One such objection is that happiness couldn't be the rational aim of human life, because it is unattainable. Furthermore, people can exist without happiness, and all virtuous people have become virtuous by renouncing happiness.

First, Mill replies that it is an exaggeration to state that people cannot be happy. He contends that happiness, when defined as moments of rapture occurring in a life troubled by few pains, is indeed possible, and would be possible for almost everybody if educational and social arrangements were different. The major sources of unhappiness are selfishness and a lack of mental cultivation. Thus, it is fully within most people's capabilities to be happy, if their education nurtures the appropriate values. Furthermore, most of the evils of the world, including poverty and disease, can be alleviated by a wise and energetic society devoted to their elimination.

Next, Mill addresses the argument that the most virtuous people in history are those who have renounced happiness. He admits this is true, and he admits that there are martyrs who give up their happiness. However, Mill argues that martyrs must sacrifice happiness for some greater end--and what else could this be but the happiness of other people? The sacrifice is made so that others will not have to make similar sacrifices; implicit in the sacrifice is the value of others' happiness. Mill admits that the willingness to sacrifice one's happiness for that of others is the highest virtue. Furthermore, he says that to maintain an attitude of such willingness is actually the best chance of gaining happiness, because it will lead a person to be tranquil about his life and prospects. He specifies, however, that while utilitarians value sacrificing one's good for the good of others, they do not think that the sacrifice is in itself a good. It is a good insofar as it promotes happiness, but is not a good if it does not promote happiness.

Mill observes that the utilitarian's standard for judging an act is the happiness of all people, not of the agent alone. Thus, a person must not value his own happiness over the happiness of others; and law and education help to instill this generosity in individuals. However, this does not mean that people's motives must only be to serve the greatest good; indeed, utilitarianism is not concerned with the motives behind an action; the morality of an action depends on the goodness of its result only. Moreover, in most aspects of everyday life, a person will not be affecting large numbers of other people, and thus need not consider his or her actions in relation to the good of all, but only to the good of those involved. It is only the people who work in the public sphere and affect many other people who must think about public utility on a regular basis.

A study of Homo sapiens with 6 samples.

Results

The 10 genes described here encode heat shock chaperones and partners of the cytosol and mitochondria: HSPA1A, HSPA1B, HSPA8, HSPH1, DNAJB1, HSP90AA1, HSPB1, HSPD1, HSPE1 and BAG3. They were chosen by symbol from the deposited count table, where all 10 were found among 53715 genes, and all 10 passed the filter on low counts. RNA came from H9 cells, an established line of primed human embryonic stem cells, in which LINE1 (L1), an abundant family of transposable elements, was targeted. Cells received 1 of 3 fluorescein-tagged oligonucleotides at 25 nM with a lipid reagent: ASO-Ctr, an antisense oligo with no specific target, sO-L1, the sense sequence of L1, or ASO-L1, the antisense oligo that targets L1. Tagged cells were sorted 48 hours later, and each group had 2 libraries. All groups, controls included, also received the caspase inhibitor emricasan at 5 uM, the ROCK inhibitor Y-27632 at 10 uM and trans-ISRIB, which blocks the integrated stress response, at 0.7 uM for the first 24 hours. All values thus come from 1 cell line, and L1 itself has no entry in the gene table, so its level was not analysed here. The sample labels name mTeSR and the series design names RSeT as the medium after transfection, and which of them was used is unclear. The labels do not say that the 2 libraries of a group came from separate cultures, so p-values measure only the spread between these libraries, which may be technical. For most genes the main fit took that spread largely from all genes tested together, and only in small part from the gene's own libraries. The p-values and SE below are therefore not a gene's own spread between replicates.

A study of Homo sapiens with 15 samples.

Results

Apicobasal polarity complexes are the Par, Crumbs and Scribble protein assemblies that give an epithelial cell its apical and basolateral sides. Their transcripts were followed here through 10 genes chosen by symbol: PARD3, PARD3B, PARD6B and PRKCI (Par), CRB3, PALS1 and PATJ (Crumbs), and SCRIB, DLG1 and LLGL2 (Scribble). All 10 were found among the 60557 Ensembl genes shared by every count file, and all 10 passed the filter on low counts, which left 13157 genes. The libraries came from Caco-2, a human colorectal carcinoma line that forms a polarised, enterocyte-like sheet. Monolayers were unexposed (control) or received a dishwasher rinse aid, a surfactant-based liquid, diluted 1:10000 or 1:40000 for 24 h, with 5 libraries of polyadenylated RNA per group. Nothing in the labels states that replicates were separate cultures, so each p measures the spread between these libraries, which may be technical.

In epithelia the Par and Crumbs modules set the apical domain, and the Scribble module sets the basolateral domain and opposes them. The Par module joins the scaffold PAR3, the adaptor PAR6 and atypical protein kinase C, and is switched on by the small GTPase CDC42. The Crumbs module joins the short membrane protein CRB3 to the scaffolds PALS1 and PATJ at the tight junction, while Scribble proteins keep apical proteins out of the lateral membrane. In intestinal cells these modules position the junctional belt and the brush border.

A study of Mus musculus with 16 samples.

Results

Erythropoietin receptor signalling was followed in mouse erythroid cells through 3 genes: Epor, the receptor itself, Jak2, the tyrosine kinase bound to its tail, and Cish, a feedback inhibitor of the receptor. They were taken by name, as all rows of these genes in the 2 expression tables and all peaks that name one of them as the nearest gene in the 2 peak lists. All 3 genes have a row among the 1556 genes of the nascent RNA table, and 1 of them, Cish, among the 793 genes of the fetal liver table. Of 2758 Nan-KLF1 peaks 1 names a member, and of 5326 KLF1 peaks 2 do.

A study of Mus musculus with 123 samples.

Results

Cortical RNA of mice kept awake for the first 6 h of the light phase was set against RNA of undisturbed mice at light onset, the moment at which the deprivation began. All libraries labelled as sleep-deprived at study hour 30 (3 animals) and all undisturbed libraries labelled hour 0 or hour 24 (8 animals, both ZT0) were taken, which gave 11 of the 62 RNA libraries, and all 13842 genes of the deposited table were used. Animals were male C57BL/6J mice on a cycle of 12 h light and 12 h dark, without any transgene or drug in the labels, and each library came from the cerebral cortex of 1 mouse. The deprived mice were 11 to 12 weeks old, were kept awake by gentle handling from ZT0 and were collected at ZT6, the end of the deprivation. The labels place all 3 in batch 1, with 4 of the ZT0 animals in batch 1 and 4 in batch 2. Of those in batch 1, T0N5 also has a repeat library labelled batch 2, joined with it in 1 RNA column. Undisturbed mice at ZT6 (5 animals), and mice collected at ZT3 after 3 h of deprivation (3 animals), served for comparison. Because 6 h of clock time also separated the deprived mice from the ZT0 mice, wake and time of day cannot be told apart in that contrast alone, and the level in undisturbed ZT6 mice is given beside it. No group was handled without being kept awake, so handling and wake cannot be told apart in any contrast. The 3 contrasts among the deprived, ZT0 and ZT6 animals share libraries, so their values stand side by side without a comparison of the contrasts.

Another criticism of utilitarianism is that it leaves people "cold and unsympathizing," as it is concerned solely with the consequences of people's actions, and not on the individuals as moral or immoral in themselves. First, Mill replies that if the criticism is that utilitarianism does not let the rightness or wrongness of an action be affected by the kind of person who performs the action, then this is a criticism of all morality: All ethical standards judge actions in themselves, without considering the morality of those who performed them. However, he says that if the criticism is meant to imply that many utilitarians look on utilitarianism as an exclusive standard of morality, and fail to appreciate other desirable "beauties of character," then this is a valid critique of many utilitarians. He says that it is a mistake to only cultivate moral feelings, to the exclusion of the sympathies or artistic understandings, a mistake moralists of all persuasions often make. However, he does say that if there is to be a mistake of priorities, it is preferable to err on the side of moral thinking.